Pondering the past and future ...
Another big turnout for Robo Rally
... so what else is new?
Ralph Gleaton (right) and Tamara Houde
at the non-Greenville table.
year, another Sunday spent watching the Final from the sidelines.
I've only made it once in nine years, so I guess it's really
a tradition now. My wife's made it twice, and she didn't
even attend the first WBC. I mean, I program for a living , I
have a Masters in electrical engineering, with a specialty in
robotics, what more can I do? Possibly the requirement that you
know left from right is what's holding me back. Perhaps I should
adopt the Kaarin Engelmann method of writing a large L and R
on the palms of her hands. Of course, I'd probably have to get
the wife to make sure I put them on the correct hands.
Despite my woes, and the fact that Brad Johnson acquired his
fifth championship plaque, it was a good year for RoboRally.
We let the Greenville Mafia have their own table in the first
heat, except for Ralph Gleaton and my wife ( yes, I'm a Mafia
spouse ) who play this for their team game ( and were more than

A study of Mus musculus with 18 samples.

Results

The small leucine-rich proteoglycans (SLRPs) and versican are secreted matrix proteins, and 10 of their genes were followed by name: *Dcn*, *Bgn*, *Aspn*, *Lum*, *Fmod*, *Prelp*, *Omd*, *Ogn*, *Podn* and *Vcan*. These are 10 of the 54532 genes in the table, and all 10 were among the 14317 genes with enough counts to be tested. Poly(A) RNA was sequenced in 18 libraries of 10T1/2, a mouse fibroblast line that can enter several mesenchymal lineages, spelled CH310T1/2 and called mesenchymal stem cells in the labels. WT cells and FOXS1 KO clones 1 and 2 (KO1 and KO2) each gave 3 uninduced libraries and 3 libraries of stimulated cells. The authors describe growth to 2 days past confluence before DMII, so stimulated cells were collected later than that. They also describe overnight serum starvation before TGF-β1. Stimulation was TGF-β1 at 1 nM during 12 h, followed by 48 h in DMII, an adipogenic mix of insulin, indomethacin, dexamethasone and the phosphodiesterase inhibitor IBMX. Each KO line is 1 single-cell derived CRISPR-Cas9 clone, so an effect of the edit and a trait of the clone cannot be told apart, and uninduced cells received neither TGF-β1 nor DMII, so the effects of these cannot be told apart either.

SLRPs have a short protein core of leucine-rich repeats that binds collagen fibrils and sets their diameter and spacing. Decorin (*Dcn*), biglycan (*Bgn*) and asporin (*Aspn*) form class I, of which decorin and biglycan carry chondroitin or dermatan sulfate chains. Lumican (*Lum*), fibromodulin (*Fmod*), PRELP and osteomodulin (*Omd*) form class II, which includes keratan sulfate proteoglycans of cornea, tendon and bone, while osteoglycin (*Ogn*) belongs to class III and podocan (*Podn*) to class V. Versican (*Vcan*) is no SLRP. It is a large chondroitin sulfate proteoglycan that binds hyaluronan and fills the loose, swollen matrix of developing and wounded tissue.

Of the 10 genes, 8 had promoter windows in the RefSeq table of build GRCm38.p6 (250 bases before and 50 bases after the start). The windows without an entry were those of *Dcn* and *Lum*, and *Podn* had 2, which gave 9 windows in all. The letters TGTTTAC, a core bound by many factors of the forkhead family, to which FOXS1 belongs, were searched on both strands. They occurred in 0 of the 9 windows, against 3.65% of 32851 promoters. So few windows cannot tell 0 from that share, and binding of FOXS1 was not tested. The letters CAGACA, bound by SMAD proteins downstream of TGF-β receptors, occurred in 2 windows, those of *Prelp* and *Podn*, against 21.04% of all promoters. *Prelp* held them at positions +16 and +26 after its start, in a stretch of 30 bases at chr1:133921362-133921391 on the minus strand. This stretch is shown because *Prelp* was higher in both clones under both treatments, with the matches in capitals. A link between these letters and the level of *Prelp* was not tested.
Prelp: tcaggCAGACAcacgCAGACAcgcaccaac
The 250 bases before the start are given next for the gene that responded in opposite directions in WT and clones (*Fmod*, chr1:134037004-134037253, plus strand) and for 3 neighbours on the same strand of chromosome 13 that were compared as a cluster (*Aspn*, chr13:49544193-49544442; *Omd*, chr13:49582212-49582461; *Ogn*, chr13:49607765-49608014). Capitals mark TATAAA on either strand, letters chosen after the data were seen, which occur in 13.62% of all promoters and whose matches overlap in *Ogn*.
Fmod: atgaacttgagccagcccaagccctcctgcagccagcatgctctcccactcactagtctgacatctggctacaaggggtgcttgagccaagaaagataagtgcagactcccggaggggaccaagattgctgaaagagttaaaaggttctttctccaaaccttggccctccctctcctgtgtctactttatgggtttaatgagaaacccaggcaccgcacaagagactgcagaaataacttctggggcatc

happy not to have to try to wade through that bloodthirsty bunch).
As it turned out, Ralph was the only member of the Mafia to make
the Final this year.
The Final had a host of their own scrap-making as 18 of 24
robots were destroyed over the 25 turns of the game. There were
also a few more options in this game than in the past (eight
to be exact) at least partly because of the modified rule system
used this year. The board setup had one of the boards from the
new edition. On these boards, the double wrenches have been replaced
by a crossed wrench and hammer. Instead of having to choose between
repairing two points and collecting an option as with the double
wrench, a player who stops on the wrench/hammer repairs one point
AND gets an option.. Unfortunately for the rest of the table
Brad, who, as far as I know has never pulled an option before
at the tournament, ended up pulling three, the first of which
was the mechanical arm. which can be a huge advantage to a skilled
player ( and I've not seen a better player as evidenced by the
number of times he has won the tournament ).
This year's setup included four crossings of the cannery and
despite some minor difficulties there resulting from interference
by other players, Brad was able to finish well ahead of the remaining
players on Turn 20. Five turns later our time was up and the
nearest player of the three remaining players ( Craig Trader
and Reiko Brooks lost their last robots on Turns 23 and 24 respectively
) was James Kendrick who needed two turns (7 cards) with an optimal
hand to make it to the last flag, Ralph was actually physically
closer to the flag, but with three locked registers he needed
to shut down before he could get the cards he'd need to finish.
Brad Davis scored a moral victory by managing to reach the second
to last flag on the last turn. Thus ended another fun year in
Lancaster and I look forward to trying again next year, and possibly,
maybe needing one of my three assistants for the Final.